JOSIE HUANG: Elizabeth McLellan has been a nurse for more than 30 years, and she still can't get over how many perfectly good items hospitals throw out. So she and other nurses in Portland, Maine, go around to nearby hospitals, packing up supplies to give to health clinics in developing countries.
Ms. ELIZABETH McLELLAN (Nurse): I think there's a light switch over here somewhere.
HUANG: McLellan is storing hundreds of bags in her home. They're in her dining room, the hallway, the cellar, and they're stuffed with supplies, most of it in original packaging.
Ms. McLELLAN: Sterile syringes, diabetic syringes, insulin syringes, gloves, alcohol swabs, everything you could possibly imagine.
HUANG: McLellan says hospitals ditch items that were once in a patient's room because of strict rules about infection control. Hospitals also get rid of items that never even left the supply cabinet, like these catheter kits she's collected.
Ms. McLELLAN: And they were going to throw it all away. Probably about $5,000 worth of supplies were going to be thrown away in the trash.
HUANG: There's a reason for that, says Don Hancock, a vice president for Premier, a company that negotiates bulk purchases for hospitals. He says supplies become outmoded before hospitals get a chance to use them.
Mr. DON HANCOCK (Vice President, Premier): Maybe you have invested in some inventory with a physician who no longer is with you, or maybe there is a new procedure that came out that could supersede an old procedure, and you no longer need the supplies for that old procedure.
HUANG: Dr. William Rosenblatt of the Yale School of Medicine has studied why so many supplies go unused. Surgeons order up enough drapes, sutures and gloves for worst-case scenarios. But Rosenblatt says there are always leftover items, up to a hundred dollars' worth per surgery. He doubts patients would have it any other way.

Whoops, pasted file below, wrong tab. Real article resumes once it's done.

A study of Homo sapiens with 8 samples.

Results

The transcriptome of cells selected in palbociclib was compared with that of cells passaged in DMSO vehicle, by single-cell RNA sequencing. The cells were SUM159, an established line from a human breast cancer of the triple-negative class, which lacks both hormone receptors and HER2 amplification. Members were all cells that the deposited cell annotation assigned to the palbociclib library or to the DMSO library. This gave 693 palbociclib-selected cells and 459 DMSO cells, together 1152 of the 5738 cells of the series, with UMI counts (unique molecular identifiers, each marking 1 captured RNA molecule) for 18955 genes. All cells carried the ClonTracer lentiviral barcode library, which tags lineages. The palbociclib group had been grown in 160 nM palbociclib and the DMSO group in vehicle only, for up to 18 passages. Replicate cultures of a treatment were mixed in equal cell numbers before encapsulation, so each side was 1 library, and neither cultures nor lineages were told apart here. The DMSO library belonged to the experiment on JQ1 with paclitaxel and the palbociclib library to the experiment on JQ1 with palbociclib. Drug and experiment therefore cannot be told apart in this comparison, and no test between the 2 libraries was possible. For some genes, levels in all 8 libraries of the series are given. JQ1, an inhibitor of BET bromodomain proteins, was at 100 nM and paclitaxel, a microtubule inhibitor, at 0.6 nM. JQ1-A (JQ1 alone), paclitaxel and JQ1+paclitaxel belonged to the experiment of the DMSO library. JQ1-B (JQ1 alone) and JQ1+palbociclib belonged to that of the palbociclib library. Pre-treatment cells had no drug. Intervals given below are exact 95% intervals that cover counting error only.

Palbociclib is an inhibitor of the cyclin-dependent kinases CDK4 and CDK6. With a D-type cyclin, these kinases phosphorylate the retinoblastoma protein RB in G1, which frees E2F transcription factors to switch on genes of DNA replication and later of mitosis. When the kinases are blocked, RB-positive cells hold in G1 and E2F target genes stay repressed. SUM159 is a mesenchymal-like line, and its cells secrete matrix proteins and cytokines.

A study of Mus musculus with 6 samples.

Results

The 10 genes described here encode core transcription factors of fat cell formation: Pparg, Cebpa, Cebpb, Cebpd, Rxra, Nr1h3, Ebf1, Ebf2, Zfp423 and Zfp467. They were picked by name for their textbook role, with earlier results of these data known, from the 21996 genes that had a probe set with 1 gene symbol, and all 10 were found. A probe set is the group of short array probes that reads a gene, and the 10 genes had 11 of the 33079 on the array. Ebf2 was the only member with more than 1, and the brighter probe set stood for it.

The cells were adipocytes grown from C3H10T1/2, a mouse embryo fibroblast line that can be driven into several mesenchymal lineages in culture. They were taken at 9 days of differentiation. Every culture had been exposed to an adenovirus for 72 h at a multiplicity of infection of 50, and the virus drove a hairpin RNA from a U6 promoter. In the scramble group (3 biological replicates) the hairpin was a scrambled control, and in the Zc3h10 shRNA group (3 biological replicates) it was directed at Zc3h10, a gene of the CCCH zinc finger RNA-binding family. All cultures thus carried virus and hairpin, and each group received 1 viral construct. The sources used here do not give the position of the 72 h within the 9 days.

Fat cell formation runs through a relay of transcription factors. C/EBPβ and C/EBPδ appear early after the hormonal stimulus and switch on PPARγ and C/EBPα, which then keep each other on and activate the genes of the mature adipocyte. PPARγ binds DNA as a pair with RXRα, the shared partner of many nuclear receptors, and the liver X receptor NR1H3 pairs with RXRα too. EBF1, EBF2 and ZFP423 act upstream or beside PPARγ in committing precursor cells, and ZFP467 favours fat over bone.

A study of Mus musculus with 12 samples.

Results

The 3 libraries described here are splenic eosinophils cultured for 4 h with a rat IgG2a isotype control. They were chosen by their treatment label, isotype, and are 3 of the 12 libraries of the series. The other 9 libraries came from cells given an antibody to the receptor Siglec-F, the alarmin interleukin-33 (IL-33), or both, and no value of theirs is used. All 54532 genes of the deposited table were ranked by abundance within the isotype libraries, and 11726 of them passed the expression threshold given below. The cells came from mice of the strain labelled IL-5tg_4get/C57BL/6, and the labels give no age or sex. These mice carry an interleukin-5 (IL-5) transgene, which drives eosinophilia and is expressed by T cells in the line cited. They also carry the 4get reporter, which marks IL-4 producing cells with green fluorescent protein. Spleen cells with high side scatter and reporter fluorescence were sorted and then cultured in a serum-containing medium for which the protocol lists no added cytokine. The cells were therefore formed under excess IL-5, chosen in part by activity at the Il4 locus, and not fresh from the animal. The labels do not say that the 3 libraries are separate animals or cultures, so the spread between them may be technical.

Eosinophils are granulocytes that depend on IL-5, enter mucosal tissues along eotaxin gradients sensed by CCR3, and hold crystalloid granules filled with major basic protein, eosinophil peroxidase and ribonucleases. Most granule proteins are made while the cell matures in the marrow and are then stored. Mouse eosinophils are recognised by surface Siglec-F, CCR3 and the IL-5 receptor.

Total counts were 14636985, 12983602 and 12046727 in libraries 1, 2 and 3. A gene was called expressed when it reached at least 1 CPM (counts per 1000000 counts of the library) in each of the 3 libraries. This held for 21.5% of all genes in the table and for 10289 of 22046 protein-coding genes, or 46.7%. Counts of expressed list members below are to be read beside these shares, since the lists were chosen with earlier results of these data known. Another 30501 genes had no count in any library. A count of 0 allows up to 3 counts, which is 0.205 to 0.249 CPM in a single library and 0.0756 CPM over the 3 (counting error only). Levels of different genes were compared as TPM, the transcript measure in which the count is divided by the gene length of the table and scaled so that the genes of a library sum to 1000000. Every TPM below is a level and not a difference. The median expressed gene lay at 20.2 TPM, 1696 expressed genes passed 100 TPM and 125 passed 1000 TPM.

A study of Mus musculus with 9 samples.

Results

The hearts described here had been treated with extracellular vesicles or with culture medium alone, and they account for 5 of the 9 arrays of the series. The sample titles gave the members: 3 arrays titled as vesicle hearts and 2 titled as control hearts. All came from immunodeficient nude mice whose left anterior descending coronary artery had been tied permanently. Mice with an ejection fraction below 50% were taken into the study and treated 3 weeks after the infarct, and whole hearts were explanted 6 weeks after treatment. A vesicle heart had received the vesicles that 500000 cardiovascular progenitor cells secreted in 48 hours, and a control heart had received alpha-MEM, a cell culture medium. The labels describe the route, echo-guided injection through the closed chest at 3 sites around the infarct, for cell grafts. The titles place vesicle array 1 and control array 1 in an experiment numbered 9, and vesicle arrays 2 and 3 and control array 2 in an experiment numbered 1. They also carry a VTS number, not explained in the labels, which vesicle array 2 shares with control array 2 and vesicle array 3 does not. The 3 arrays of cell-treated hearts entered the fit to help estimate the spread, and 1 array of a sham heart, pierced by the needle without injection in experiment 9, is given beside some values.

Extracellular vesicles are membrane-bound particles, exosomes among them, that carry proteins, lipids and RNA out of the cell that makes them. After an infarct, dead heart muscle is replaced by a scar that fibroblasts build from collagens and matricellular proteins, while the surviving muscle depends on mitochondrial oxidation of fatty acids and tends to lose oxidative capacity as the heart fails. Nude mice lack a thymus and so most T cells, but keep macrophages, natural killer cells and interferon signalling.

Dr. WILLIAM ROSENBLATT (Professor of Anesthesiology and Surgery, and Yale School of Medicine): If I was a patient in the operating room, I would want to know that the surgeon has immediately available not just what is going to be needed for my procedure but also materials that are there just in case.
HUANG: In the early 1990s, Rosenblatt formed one of the first medical supply recovery programs in the country, known as REMEDY. Dozens of groups have cropped up since.
Occupational therapist Danielle Butin leads a group called Afya. It ships supplies to Africa.
Ms. DANIELLE BUTIN (Founder, Afya): An unopened pack of sutures is far more preferable to dipping gauze in alcohol, pulling the string out and turning it into sutures, which is the strategy that is employed in many developing nations when they don't have sutures to use.
HUANG: Back in Maine, volunteers move bags of supplies out of Elizabeth McLellan's house to her driveway, where they're being measured by the pound on a giant scale.
Unidentified Man: Thirty-five, 24.
HUANG: The final tally is about 10,000 pounds of supplies that will end up in countries such as Haiti and Cambodia.
There's a potential for McLellan and others to collect much more. It's estimated that just 10 percent of hospitals around the country have arrangements to donate unused supplies.
For NPR News, I'm Josie Huang in Portland, Maine.